Politics

So Is the Jan. 6 Hearing Going to Nail Trump or What?

A primer on the coup inquiry’s big moment.

The three representatives are seated on an imposing panel with three American flags and two flags bearing the House of Representatives seal behind them. Thompson, who is bald with a white beard and glasses, is speaking.
From left: California Rep. Zoe Lofgren, Mississippi Rep. Bennie Thompson, and Wyoming Rep. Liz Cheney in the Capitol on March 28. Jabin Botsford/Washington Post via Getty Images

The House of Representatives “select committee” investigating the Jan. 6, 2021, riot at the U.S. Capitol is holding a public hearing at 8 p.m. ET on Thursday night.

What’s the deal with this hearing?

It’s an effort to prove that Donald Trump and the people around him conspired to overturn the results of the 2020 election, which led to a deadly riot at the Capitol on Jan. 6, for which they bear responsibility.

What is this committee and how is it different from the one that took testimony last year from a Capitol police officer with a prominent neck tattoo?



Yes, and the committee has reportedly employed a former ABC News executive and Good Morning America producer to frame its material in the most dramatic and informative way possible. Video presentations will be involved.


Probably not, but LOL, can you imagine?

Video presentations of evidence? Is this a trial?

No. The congressional committee is not a prosecuting body, and Trump was already impeached by the House but acquitted by the Senate in early 2021 on a charge of “inciting insurrection.” Even if the committee believes Trump committed more traditionally defined crimes—and it reportedly does—it’s up to the Department of Justice to actually prosecute. Nevertheless, with these hearings, the committee is definitely trying to prove crime-y behavior.

Are these hearings being held at this juncture and in this manner in an attempt to maximize the political damage they inflict on Donald Trump and the Republican Party?



Which leaves the proverbial ballot box as the venue in which Trump can be held sweepingly accountable for what he did, prevented from trying it again, and prevented from accumulating enough allies in Congress to make it possible.


That’s an overwrought way of putting it, but sure, at least at the national level.

Then may God help us all.

Yes, sure.

So, this is it? The last chance?

Not quite. Separately, a state attorney in Fulton County, Georgia, is investigating whether Trump or his allies could be charged for his efforts to invalidate the results of the 2020 election in that particular state. Those efforts most notably included a phone call to Secretary of State Brad Raffensperger urging him to “find 11,780 votes,” the number that he would have needed to defeat Biden.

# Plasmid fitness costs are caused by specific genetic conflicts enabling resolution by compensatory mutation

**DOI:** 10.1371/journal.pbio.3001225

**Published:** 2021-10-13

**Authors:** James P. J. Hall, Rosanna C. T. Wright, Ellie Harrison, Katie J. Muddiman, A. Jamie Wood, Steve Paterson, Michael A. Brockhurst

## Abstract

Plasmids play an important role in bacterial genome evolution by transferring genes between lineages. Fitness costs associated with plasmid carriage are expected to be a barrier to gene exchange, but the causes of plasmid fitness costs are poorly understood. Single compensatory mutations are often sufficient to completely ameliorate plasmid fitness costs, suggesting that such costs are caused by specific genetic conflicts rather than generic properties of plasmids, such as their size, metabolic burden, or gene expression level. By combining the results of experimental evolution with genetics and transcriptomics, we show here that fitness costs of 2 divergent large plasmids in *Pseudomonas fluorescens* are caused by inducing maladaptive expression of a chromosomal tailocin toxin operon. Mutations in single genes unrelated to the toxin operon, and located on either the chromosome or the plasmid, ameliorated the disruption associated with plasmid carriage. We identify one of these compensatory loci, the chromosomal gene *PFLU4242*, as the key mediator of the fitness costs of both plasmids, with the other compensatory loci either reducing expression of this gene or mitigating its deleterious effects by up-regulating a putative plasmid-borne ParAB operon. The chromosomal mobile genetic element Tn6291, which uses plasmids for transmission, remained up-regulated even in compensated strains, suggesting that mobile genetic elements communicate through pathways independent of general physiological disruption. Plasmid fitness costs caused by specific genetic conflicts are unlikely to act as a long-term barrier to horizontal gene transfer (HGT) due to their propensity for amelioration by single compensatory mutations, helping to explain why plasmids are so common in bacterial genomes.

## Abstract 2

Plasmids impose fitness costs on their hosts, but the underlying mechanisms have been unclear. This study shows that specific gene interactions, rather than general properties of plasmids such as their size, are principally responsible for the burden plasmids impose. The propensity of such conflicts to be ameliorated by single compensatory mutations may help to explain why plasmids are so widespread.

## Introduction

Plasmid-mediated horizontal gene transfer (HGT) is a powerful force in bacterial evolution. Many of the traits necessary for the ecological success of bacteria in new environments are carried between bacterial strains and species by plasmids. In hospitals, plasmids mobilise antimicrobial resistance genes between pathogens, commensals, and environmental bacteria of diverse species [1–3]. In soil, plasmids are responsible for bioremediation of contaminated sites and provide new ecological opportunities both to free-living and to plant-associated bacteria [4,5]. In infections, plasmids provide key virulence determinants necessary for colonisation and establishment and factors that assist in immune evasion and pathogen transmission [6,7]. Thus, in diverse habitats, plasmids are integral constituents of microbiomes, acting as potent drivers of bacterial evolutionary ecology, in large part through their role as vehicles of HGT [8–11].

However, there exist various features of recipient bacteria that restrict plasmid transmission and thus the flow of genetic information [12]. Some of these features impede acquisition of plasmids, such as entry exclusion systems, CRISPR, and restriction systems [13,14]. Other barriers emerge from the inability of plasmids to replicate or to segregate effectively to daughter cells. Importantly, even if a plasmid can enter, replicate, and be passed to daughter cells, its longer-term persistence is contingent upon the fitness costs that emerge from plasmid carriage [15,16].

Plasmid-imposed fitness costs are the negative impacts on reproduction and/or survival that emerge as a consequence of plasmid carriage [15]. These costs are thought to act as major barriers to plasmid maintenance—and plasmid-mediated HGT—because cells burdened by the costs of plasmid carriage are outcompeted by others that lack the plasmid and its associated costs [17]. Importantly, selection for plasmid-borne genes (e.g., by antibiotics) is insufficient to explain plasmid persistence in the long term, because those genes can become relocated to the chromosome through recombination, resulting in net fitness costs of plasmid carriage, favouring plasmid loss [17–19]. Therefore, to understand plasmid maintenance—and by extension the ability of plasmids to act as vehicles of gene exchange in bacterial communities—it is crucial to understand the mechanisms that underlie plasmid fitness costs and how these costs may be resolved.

Its members say they will convey the full breadth of Trump’s responsibility for the violence on Jan. 6—not just his silence and inaction during the three hours that elapsed between the breach of the Capitol and his tepid video message urging rioters to leave, but his role in creating and encouraging wild claims about election fraud (and wild theories about how Republican officials could purportedly use such fraud as justification for interrupting the transition of presidential power).

While the outlines of this story are already known, the hope is that detailed footage, messages, and interviews with staff members who were present at key moments—some of the evidence being previously unseen—will prove shocking and newsworthy. (Most of the senior figures who were subpoenaed are playing legal chicken in an effort not to testify, although Jared Kushner, Donald Trump Jr., and Ivanka Trump were interviewed.) Maryland Rep. Jamie Raskin has even seemed to suggest that the committee has evidence that Trump participated in “concerted planning and premeditated activity” related to the attack on the Capitol itself.


Probably.

But?

In a country as closely divided as the U.S. is, achieving something tangible might not require cinematic, stirring oratory or a public opinion landslide. A more realistic goal is to put Jan. 6 back at the top of mind for a high-leverage swath of independent voters (who, according to one fairly recent poll, are still largely upset that the riot took place and support the committee’s work).

Will it work?

No one knows, and that’s why these kinds of articles always have to end with a rhetorical flourish rather than a factual statement. In other words … may God help us all.